How to read more books in 2018
Will this be the year you hit the treadmill for an hour every day, make all your meals at home, learn a new language and max out your retirement savings accounts? Perhaps. But more often than not, New Year's resolutions are abandoned before the first gym payment goes through on your credit card.
This year, make a better resolution: Read more books. In fact, think of it less as a resolution, and more as a belated holiday gift to yourself.
Reading more was my resolution back in 2013. I realized I'd read maybe three books in the previous year. I joined Goodreads, a social media site for book lovers and got an L.A. Public Library card. I asked for an e-reader for Christmas that year. I joined a book club.
I set a goal to read 36 books. I wasn't too hard on myself as to what counted as reading a book. Audiobooks counted. Cookbooks counted, if I had read through most of the recipes. Graphic novels and comic books counted. Books I got halfway through and then abandoned for lack of interest counted.
Getting back into reading books has been one of the singularly most rewarding things I have done for myself in my adult life. I carry my Kindle everywhere, which means I always have something to do when I'm in a waiting room. And getting into a warm bed with a good book is one of life's singular great pleasures.
So do it. Read more books. Here are some ways to help you get started.
Buy an e-reader
I love my e-reader. I have a Kindle that uses e-ink instead of backlighting, so it doesn't hurt my eyes or keep me up at night. I bought a cute cover that protects it inside my bag.
You can download thousands of free e-books from Project Gutenberg and other sites. Download a bunch and peruse them at your leisure.
Use the library
The public library is your secret weapon for reading more. I'm always surprised at how many people don't realize the library carries new releases in addition to classics. In just this year, I checked out and read new releases that include Roxane Gay's “Hunger,” “Exit West” by Mohsin Hamid, “Lincoln in the Bardo” by George Saunders, Lindy West's “Shrill” and “Artemis,” the new novel by Andy Weir.
I regularly read book reviews, and when I see something I like, I put it on hold. It's not always immediately available, but I can use the LAPL's site to track where I am in the holds list and see when my book is on its way. If a book you're excited about is coming out soon, you can put a hold on it before it's released and be at the top of the list.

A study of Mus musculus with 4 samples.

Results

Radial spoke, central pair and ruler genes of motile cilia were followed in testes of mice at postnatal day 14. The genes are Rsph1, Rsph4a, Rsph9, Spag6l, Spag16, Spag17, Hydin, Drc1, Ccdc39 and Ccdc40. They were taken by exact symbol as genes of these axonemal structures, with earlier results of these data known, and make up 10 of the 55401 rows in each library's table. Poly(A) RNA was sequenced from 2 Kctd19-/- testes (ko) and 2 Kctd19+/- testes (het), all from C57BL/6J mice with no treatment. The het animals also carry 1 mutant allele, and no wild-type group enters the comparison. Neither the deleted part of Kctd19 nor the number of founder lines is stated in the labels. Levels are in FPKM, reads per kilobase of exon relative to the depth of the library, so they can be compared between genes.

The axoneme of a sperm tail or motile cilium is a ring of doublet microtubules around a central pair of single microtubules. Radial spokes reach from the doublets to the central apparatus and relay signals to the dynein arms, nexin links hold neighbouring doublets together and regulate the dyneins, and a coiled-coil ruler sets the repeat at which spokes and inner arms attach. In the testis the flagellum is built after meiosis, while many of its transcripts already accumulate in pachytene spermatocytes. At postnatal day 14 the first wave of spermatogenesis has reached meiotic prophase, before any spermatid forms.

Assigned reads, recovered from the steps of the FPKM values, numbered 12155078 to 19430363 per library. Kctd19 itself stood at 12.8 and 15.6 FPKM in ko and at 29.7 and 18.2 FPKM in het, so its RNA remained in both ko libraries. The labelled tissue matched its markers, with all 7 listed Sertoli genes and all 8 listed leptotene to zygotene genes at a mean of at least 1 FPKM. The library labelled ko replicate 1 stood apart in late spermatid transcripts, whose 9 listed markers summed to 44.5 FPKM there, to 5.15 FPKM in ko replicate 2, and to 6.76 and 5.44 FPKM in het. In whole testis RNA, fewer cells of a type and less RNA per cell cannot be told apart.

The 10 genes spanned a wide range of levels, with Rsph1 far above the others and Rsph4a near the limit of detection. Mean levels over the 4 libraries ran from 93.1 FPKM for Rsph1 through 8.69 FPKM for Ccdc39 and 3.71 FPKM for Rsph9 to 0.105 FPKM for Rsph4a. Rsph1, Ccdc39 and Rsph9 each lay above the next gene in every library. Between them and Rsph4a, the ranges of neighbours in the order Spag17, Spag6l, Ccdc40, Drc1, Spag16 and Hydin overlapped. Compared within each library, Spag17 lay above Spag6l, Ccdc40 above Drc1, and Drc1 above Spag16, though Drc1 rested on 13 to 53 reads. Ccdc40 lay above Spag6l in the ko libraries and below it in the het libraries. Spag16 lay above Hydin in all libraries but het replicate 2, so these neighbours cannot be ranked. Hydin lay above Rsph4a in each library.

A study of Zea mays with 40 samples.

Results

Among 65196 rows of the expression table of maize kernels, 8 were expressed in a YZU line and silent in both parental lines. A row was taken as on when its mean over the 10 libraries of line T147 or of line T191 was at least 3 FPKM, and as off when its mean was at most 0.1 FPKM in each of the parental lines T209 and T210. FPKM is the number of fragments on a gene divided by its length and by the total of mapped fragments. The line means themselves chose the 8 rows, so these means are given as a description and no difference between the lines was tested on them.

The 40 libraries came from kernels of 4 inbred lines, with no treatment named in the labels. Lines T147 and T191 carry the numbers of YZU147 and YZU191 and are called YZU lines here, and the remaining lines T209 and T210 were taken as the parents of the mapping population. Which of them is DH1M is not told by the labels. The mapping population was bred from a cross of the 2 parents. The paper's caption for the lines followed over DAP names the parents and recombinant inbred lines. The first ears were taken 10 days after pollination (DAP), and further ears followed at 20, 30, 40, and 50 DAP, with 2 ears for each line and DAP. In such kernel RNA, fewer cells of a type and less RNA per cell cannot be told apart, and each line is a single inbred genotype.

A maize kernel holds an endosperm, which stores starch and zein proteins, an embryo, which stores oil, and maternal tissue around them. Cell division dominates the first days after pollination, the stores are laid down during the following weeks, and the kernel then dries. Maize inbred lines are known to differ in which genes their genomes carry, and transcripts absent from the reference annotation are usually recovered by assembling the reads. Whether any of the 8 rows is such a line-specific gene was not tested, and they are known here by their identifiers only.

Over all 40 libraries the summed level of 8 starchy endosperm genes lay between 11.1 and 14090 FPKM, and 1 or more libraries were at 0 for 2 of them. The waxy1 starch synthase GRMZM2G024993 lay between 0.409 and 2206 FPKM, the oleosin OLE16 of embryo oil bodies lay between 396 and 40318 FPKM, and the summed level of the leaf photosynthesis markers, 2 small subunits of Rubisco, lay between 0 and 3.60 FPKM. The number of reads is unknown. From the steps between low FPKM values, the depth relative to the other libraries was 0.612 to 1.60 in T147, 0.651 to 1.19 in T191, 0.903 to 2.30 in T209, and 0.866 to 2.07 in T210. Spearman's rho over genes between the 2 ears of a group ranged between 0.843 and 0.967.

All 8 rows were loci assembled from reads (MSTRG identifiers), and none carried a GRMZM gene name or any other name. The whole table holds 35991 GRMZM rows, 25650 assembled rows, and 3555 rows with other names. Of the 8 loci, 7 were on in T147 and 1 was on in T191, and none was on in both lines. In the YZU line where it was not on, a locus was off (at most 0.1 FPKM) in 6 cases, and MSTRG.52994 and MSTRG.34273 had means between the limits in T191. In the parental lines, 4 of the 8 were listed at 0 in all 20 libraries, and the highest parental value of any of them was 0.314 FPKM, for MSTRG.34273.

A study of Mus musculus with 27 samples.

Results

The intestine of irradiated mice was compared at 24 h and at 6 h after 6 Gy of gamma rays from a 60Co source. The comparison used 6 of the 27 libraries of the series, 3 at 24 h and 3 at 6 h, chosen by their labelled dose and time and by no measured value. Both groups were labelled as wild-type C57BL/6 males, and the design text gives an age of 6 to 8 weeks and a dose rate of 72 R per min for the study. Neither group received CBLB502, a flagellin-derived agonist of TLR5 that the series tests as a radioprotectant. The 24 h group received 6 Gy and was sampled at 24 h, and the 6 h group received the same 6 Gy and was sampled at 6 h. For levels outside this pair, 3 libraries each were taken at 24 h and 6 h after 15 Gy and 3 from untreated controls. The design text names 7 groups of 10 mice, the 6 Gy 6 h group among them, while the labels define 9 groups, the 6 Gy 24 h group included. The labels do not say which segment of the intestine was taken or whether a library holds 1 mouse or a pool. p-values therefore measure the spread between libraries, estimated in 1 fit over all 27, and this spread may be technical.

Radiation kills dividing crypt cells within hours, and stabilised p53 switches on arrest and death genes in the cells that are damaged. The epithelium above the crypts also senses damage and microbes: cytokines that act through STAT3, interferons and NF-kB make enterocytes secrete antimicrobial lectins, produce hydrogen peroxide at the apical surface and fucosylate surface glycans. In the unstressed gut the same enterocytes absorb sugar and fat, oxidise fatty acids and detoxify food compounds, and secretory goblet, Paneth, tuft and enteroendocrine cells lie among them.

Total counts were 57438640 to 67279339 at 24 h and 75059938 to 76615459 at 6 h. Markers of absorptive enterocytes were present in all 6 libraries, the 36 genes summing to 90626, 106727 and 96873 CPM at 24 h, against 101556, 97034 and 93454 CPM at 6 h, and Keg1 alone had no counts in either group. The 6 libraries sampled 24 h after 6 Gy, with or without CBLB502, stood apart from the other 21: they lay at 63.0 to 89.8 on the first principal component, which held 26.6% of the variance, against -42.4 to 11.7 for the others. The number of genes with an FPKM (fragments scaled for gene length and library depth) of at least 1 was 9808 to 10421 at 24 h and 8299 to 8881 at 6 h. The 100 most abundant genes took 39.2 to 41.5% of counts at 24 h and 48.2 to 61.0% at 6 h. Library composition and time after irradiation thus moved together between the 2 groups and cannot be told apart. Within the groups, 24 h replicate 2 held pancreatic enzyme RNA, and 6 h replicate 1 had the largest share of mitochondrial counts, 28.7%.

(Sometimes I forget I put the book on hold at all until I receive an email saying it's on its way, which is the free equivalent of getting a package you forgot you ordered from Amazon.)
Many libraries lets you check out e-books with a program called Overdrive. You put a hold on the e-book you want, and when it's available, you just click a couple of buttons and it sends it to your e-reader. You never even have to go to the physical library. The book lives on your e-reader for three weeks — or indefinitely, if you turn Wi-Fi off.
Join a book club
Book clubs encourage you to try books you might not have picked otherwise, and are a great way to make new friends. In L.A. they can be found at Skylight Books, branches of the L.A. Public Library and at downtown bar the Edison, where PEN Center USA hosts a monthly book club with special guests and sometimes the author.
If you'd like to be around other readers but not interact with any of them, you can always attend a meeting of the Silent Book Club.
Make your phone reading-ready
Download e-reader apps to your smartphone, and if you have Wi-Fi enabled on your e-reader, you can move between the two. Put down your book before going to bed and then, while you're waiting in line for coffee the next morning, open it to the same page from the app on your phone and read a few pages.
You can connect a GoodReads account to your Facebook page, or make a separate one. Set your goal for 2018, and it'll tell you how far ahead (or behind) you are in your goal. Whenever I put my book down for the night, I note which page I was on and update Goodreads the next day. I also look up books I'm interested in reading to see whether any of my friends have reviewed them.
Get great deals
I subscribe to some email lists that send out the best deals on e-books. I've picked up a bunch of newer and classic novels and nonfiction reads for just a couple bucks.
If you use Goodreads, sign up for its Deals alerts. Any book you add to your “to read” list that goes on Kindle sale will send you an email alert.
Plenty of independent bookstores are still in business in L.A. Buying a new book at one of them supports a local business. If you've never visited, make sure you check out the Last Bookstore in downtown L.A., Skylight Books in Loz Feliz, Stories Books & Cafe in Echo Park, Book Soup in West Hollywood and Diesel Books in Brentwood. Local stores often host author signings and other lit-centric events.
Phones can enable reading, but they can also be a distraction. When you're trying to immerse yourself in a book, put your phone on silent — or better yet, “Do Not Disturb”— and take the opportunity to pour your full attention into reading.
Jessica Roy is a Los Angeles Times writer.